Deepwater Horizon insured costs could be £1.2bn

Broker Willis has warned that the Deepwater Horizon and Aban Pearl drilling rig losses have left upstream energy insurers with $795m in claims within the space of a single month, driving up rates.

The Houston-based oil and gas firm Apache Corporation's $150m loss from Hurricane Ike has added to problems. “ Any insurers that have avoided a Deepwater Horizon loss almost certainly have been involved in at least one of the other two incidents,” Willis said.

The Willis report said the Aban Pearl rig off the coast of Venezuela was insured for $235m while the Deepwater Horizon rig in the Gulf of Mexico was valued at $560m. Another $140m may have to be reserved to remove the Deepwater Horizon wreck from the seabed.

Self-insurance bears brunt

Even though a large portion of the Deepwater Horizon loss, which could amount to $20bn to $30bn, is understood to be self-insured, the broker estimates that total claims to the market from the disaster, including control of well, re-drilling, third-party liability and seepage and pollution costs, could still be well in excess of $1.2bn.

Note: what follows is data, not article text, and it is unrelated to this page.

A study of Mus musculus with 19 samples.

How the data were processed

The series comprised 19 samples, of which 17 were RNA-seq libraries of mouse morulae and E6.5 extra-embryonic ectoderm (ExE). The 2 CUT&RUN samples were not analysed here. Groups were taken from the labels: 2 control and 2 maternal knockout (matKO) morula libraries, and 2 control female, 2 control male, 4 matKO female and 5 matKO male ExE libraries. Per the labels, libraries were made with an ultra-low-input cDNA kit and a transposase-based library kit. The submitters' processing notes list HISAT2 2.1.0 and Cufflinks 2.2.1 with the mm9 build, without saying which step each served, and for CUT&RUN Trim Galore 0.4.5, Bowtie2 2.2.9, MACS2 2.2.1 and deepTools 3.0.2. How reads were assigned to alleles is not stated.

Alistair Rivers, CEO of Willis Energy, said: “The tragedy of the Deepwater Horizon loss – potentially the largest in the history of the upstream market – has come as major shock that has fundamentally altered the existing market environment.”

Willis says most upstream insurers will have written approximately 75% of their income for the year by early July. There is likely to be less pressure to compete for market share, but no withdrawal of capacity. Over-supply may dampen the level of market increases.

Market hardened

As a result of the Gulf of Mexico oil spill, the market has hardened for Offshore Property risks. Marine Liability risks, such as offshore seepage, pollution and contamination insurance, are likely t be written differently in future. Reinsurance will harden.

The impact of any future US legislation on control of well and liability policy limits will likely force US companies to carry much higher levels of insurance. Other governments may follow.

Any major losses during the 2010 Gulf of Mexico hurricane season could prompt a significant withdrawal of insurers from the market.

Tougher underwriting stances may appear later in the year in anticipation of increased reinsurance costs and increased retentions, as well as Solvency II capital requirements.